Experts warn ‘zombie deer disease’ could spread to humans


Chronic wasting disease (CWD), also known as ‘zombie deer disease,’ has been reported in 22 states and two Canadian provinces as of this month.

The infection attacks the brain, spinal cord, and other tissues in deer, elk, and moose, resulting in dramatic weight loss, lack of coordination, and even aggression before they eventually die.

While it’s not yet known to be transmissible to humans, a recent study found for the first time that macaques could get the disease after consuming infected meat, sparking fears that a variant targeting humans could soon emerge.

The infection attacks the brain, spinal cord, and other tissues in deer, elk, and moose, causing them to physically waste away before they die. The disease earned its nickname from the bizarre symptoms it causes, including a vacant stare and exposed ribs

Warnings over ‘zombie deer disease’ have caused many to draw parallels to the mad cow epidemic.

For now, however, there’s no evidence that people can be harmed by infected meat, according to Colorado Public Radio.

CWD was first spotted just 50 years ago, with Colorado said to be the epicentre. 

It can be found in both free-ranging and farmed animals, and is known to have horrifying effects on those it infects – but, it can be years before an animal begins to show signs.

The disease earned its nickname from the bizarre symptoms it causes, including a vacant stare and exposed ribs, as it causes the animal to physically waste away.

But to date, there have been no reported infections in humans. 

Scientists have been hard at work attempting to better understand its distribution, and how it could evolve.

In the last hunting season, CWD testing for mule deer in some areas was required by Colorado Parks and Wildlife, according to CPR.

While it’s long been thought that there may be a ‘species barrier’ preventing it from spreading from deer to humans, the recent findings suggest the risk may be higher than previously suspected.

A deadly disease that causes deer to act like zombies is on the rise across the US and parts of Canada. Chronic wasting disease (CWD), also known as ¿zombie deer disease,¿ has been reported in 22 states (shown) and two Canadian provinces as of this month

A deadly disease that causes deer to act like zombies is on the rise across the US and parts of Canada. Chronic wasting disease (CWD), also known as ‘zombie deer disease,’ has been reported in 22 states (shown) and two Canadian provinces as of this month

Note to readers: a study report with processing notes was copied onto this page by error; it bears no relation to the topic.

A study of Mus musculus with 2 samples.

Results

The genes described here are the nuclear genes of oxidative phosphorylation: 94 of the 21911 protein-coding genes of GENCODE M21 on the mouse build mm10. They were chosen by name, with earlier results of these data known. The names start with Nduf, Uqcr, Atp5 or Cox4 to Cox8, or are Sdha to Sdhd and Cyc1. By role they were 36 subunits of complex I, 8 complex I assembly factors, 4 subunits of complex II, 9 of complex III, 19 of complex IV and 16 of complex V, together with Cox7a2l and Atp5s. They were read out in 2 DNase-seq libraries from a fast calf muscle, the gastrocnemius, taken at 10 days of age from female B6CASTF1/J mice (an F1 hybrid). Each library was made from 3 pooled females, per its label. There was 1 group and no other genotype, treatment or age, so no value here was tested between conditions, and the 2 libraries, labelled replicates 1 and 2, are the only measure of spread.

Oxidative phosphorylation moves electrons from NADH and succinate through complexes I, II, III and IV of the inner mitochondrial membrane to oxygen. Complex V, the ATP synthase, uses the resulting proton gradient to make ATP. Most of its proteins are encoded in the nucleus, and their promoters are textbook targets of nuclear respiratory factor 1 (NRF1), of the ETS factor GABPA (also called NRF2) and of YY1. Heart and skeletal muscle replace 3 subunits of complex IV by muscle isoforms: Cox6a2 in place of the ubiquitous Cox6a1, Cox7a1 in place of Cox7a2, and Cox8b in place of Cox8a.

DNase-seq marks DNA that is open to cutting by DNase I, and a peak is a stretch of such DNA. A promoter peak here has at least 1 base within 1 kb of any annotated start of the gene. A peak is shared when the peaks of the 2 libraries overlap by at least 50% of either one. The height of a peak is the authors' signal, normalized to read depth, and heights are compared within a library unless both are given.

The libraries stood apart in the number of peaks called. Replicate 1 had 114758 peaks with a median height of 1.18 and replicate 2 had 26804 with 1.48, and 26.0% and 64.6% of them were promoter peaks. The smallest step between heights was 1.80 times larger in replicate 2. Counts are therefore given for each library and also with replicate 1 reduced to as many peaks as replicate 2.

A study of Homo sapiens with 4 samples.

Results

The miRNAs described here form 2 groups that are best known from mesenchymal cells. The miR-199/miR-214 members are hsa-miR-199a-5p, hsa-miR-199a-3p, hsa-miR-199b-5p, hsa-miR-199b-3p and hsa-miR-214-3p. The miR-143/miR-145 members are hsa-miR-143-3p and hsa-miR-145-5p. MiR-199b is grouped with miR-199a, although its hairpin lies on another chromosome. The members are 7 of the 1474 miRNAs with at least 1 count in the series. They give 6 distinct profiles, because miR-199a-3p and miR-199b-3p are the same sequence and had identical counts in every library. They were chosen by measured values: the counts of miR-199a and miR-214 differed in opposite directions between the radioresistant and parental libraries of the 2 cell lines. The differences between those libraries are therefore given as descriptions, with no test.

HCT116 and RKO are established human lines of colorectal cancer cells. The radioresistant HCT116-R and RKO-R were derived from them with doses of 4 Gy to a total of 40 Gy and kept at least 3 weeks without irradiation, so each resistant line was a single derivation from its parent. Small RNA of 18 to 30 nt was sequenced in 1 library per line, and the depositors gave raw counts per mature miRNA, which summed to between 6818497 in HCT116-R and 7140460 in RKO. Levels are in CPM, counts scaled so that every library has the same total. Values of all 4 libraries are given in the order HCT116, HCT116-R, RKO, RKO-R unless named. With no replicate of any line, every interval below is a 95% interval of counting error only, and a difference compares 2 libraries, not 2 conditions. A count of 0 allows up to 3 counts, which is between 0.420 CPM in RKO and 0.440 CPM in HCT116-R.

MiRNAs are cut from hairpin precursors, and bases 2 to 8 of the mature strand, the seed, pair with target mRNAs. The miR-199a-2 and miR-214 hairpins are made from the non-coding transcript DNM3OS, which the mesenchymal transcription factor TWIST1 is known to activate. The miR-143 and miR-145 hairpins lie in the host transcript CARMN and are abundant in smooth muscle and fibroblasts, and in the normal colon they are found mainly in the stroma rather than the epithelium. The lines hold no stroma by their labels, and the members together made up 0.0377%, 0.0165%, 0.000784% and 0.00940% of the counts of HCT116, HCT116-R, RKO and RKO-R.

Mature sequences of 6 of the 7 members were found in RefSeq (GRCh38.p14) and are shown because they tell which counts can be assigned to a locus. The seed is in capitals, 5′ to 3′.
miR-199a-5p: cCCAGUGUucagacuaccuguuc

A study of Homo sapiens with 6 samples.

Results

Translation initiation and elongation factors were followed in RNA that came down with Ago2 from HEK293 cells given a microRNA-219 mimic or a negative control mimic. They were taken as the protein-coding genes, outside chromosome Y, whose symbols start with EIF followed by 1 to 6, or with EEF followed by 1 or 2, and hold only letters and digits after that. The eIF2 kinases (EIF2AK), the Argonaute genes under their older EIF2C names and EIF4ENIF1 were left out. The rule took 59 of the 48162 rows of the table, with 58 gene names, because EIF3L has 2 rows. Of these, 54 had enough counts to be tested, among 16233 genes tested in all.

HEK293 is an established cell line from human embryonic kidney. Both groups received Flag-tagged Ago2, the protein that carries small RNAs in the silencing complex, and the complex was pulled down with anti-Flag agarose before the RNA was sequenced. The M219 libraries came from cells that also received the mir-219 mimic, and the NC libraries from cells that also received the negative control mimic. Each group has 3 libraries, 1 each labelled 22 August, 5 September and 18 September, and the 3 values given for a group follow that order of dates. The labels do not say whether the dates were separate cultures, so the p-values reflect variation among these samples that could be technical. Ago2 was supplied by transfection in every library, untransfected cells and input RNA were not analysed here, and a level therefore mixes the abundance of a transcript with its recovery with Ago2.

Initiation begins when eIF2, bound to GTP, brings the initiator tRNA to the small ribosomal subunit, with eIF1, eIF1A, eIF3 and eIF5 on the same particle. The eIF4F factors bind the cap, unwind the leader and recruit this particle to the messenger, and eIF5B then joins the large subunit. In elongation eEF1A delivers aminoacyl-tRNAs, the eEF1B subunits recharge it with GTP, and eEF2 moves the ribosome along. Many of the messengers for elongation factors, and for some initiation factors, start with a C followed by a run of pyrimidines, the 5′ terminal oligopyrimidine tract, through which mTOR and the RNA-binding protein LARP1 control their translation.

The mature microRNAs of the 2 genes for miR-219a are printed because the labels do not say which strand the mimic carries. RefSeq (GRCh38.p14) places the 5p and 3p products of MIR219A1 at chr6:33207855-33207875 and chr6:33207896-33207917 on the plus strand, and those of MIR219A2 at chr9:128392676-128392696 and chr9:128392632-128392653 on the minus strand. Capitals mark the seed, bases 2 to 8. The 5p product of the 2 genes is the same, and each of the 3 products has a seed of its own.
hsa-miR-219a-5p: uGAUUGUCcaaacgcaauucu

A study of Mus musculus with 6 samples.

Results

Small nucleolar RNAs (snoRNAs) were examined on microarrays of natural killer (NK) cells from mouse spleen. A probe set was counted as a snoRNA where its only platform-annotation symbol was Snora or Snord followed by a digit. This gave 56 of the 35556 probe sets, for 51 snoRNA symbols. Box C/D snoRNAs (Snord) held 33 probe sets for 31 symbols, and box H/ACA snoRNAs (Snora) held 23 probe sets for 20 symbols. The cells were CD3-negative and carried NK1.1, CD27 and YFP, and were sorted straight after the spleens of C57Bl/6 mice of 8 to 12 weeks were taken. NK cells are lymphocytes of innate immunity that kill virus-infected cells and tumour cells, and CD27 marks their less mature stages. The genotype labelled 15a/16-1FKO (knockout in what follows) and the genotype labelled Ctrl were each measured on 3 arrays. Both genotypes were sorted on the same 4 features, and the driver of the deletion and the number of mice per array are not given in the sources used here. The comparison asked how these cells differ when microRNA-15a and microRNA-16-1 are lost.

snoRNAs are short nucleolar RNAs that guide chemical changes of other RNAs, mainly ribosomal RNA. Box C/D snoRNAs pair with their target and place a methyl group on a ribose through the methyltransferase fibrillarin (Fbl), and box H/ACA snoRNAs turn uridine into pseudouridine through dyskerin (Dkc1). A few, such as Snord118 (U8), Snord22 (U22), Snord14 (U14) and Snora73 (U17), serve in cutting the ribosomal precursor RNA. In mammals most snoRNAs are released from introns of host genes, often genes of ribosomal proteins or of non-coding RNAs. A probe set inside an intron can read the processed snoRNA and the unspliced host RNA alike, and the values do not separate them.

AS ‘ZOMBIE DEER DISEASE’ RISES: WHAT IS IT, AND HOW CAN YOU PROTECT YOURSELF?

As of January 2018, Chronic wasting disease (CWD), also known as ‘zombie deer disease,’ has been reported in 22 states and two Canadian provinces.

The infection attacks the brain, spinal cord, and other tissues in deer, elk, and moose, resulting in dramatic weight loss, lack of coordination, and even aggression before they eventually die.

There is no evidence yet that it can infect humans, and no such cases have been reported, according to the CDC.

But, a recent study found macaques could get the disease after consuming infected meat, sparking fears that a variant that also infects humans could eventually emerge.

Officials are urging precaution, however, to minimize any potential risks.

For hunters and others who live in areas where CWD is present, the CDC says:   

  • Do not shoot, handle or eat meat from deer and elk that look sick or are acting strangely or are found dead (road-kill).
  • When field-dressing a deer:
  • Wear latex or rubber gloves when dressing the animal or handling the meat.
  • Minimize how much you handle the organs of the animal, particularly the brain or spinal cord tissues.
  • Do not use household knives or other kitchen utensils for field dressing.
  • Check state wildlife and public health guidance to see whether testing of animals is recommended or required. Recommendations vary by state, but information about testing is available from many state wildlife agencies.
  • Strongly consider having the deer or elk tested for CWD before you eat the meat.
  • If you have your deer or elk commercially processed, consider asking that your animal be processed individually to avoid mixing meat from multiple animals.
  • If your animal tests positive for CWD, do not eat meat from that animal.

Given how recently it was first discovered and the likelihood that it’s still evolving, some scientists suspect ‘it’s only a matter of time before a prion emerges that can spread to humans,’ Mark Zabel, associate director of the Prion Research Center at Colorado State University, told CPR.

The CDC is urging hunters in regions where CWD is known to be present to test their meat before eating it, and take several safety precautions in these locations.

And, officials in Canada aren’t taking any chances.

‘While extensive disease surveillance in Canada and elsewhere has not provided any direct evidence that CWD has infected humans, the potential for CWD to be transmitted to humans cannot be excluded,’ Health Canada’s Health Products and Food Branch (HPFB) said in an advisory issued this past spring.

‘In exercising precaution, HPFB continues to advocate that the most prudent approach is to consider that CWD has the potential to infect humans.’